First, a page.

Is it Depression - Or Just a Hard Life?
UnhappyBunny posted this question in the Q&A section of HealthCentral's BipolarConnect.com, and it's a good one that I'll try to answer.
Going through hard times can cause depression in someone who was never depressed before. Losing your job, the death of a loved one, a divorce; a difficult financial situation, a move to a new city where you know no one, or any event that is overwhelming may bring on depression. Also, a stressful situation that never gets any better can be depressing, like working month after month, year after year at a job you hate.
In circumstances like these you may develop situational depression - that is, depression specifically related to what's going on in your life. That doesn't mean it's any less difficult to experience than clinical depression. A doctor may diagnose you with a major depressive episode and prescribe treatment such as a medication and/or talk therapy. For this type of depression, working through the issues with a therapist and identifying ways to change your behavior can make a big difference. Sometimes medication alone is the answer, and sometimes medication can make therapy more productive. And sometimes it will go away on its own as things improve in your life.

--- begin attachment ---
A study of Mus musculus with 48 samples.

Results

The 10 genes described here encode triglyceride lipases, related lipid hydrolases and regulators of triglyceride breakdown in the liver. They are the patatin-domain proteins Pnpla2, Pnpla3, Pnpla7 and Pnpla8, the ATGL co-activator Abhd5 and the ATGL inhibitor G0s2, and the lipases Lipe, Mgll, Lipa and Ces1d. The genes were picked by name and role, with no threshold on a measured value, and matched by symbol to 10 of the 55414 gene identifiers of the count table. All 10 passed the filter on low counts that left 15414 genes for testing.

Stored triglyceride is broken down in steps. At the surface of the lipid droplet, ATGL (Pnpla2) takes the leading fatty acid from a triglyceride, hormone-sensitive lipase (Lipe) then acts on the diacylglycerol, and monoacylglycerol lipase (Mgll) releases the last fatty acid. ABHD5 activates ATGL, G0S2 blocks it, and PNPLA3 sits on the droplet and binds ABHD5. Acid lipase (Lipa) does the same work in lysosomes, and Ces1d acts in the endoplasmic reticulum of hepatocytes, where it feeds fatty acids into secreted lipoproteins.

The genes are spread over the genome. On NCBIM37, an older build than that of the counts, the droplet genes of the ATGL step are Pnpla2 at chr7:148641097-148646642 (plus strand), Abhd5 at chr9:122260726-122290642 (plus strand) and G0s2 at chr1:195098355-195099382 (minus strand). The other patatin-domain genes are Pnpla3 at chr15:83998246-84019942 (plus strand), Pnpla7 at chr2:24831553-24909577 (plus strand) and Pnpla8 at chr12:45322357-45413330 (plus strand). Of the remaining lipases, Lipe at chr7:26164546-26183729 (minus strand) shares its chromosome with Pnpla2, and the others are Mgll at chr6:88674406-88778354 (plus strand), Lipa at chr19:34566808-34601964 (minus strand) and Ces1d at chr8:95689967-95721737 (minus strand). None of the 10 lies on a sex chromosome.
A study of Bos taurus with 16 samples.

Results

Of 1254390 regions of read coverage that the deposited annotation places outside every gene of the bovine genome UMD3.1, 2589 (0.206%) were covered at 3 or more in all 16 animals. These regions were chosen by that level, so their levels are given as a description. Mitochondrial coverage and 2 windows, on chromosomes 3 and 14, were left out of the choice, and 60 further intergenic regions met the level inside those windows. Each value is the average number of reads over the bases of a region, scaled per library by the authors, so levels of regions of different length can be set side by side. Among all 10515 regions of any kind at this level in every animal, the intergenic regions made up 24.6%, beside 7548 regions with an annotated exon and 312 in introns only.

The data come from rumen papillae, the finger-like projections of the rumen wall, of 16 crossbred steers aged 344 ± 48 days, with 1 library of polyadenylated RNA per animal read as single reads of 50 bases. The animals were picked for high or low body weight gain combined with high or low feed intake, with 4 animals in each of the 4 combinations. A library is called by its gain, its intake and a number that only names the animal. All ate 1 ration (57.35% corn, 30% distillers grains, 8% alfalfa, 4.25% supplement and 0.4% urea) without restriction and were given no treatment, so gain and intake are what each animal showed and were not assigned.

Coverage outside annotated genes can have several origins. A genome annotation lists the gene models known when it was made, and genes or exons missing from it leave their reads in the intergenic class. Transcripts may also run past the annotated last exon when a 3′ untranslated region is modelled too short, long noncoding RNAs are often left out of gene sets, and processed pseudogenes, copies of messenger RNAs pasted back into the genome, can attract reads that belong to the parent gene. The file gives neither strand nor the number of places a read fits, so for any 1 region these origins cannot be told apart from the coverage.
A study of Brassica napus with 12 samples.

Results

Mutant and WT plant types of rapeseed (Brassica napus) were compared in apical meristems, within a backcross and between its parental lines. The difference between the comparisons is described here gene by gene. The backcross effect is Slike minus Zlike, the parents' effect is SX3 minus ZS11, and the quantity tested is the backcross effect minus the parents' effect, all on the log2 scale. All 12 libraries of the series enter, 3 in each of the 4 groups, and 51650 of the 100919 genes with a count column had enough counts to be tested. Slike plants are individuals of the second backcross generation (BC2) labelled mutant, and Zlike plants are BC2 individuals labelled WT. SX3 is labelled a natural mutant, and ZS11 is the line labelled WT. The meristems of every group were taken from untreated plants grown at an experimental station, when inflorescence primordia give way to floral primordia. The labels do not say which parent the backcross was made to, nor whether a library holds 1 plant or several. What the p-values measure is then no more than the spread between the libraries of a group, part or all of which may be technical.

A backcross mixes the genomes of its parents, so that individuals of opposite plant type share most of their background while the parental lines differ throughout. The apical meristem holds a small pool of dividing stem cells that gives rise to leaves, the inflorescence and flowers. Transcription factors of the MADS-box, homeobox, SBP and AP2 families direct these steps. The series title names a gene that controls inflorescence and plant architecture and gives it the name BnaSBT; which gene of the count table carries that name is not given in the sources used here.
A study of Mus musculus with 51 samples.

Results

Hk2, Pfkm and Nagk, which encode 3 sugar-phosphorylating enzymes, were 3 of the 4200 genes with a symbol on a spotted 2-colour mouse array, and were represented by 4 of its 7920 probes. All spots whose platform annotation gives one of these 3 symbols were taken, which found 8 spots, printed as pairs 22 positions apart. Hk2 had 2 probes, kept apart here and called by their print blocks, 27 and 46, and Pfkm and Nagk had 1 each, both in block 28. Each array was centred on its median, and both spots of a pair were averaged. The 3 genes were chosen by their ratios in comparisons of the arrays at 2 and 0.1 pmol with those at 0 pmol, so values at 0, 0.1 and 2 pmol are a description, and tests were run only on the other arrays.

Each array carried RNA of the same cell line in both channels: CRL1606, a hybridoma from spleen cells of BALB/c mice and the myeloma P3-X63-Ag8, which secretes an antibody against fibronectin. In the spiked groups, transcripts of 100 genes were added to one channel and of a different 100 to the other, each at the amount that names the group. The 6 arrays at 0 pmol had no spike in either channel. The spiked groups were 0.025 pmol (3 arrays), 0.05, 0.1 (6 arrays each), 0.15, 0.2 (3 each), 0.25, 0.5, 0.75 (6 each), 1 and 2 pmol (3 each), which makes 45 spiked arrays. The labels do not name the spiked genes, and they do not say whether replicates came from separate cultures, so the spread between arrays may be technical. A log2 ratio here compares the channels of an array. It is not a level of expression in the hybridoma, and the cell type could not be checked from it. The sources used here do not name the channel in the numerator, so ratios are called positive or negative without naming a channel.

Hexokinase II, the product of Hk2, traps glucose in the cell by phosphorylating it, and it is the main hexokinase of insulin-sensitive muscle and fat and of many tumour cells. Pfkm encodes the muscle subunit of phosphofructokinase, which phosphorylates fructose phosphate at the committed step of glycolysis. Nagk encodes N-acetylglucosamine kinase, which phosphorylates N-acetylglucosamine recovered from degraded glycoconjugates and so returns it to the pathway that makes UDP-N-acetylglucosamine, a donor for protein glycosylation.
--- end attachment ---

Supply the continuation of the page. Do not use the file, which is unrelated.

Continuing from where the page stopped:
In major depression, or a depressive episode of bipolar disorder, the symptoms may or may not be related to life circumstances. Something stressful may trigger the episode, but the depression may be more profound than the situation merits, and you may not pull out of it even the the situation improves. Or the depression may come on all by itself for no apparent reason.
The other key to major or bipolar depression is that it recurs. It's not a one-time event - it happens again and again. While depressed, your symptoms generally don't have anything to do with your day-to-day life. You might feel intense guilt about something minor, or find yourself crying for no reason except general profound sadness. You may be so fatigued that you can't even get out of bed, be unable to concentrate, even move or speak more slowly than usual.
In either case - whether it's situation depression or major/bipolar depression - it is not "you who are making yourself depressed." There are reasons - either the circumstances of your life, a stressful event, or the biochemistry of your brain - causing the symptoms.
If your symptoms are disrupting your daily life, you need to seek medical help. If you think making changes to things in your life will help, by all means do that first. They may indeed work. If not - or if you get better but keep experiencing periods of depression, again, seek medical help.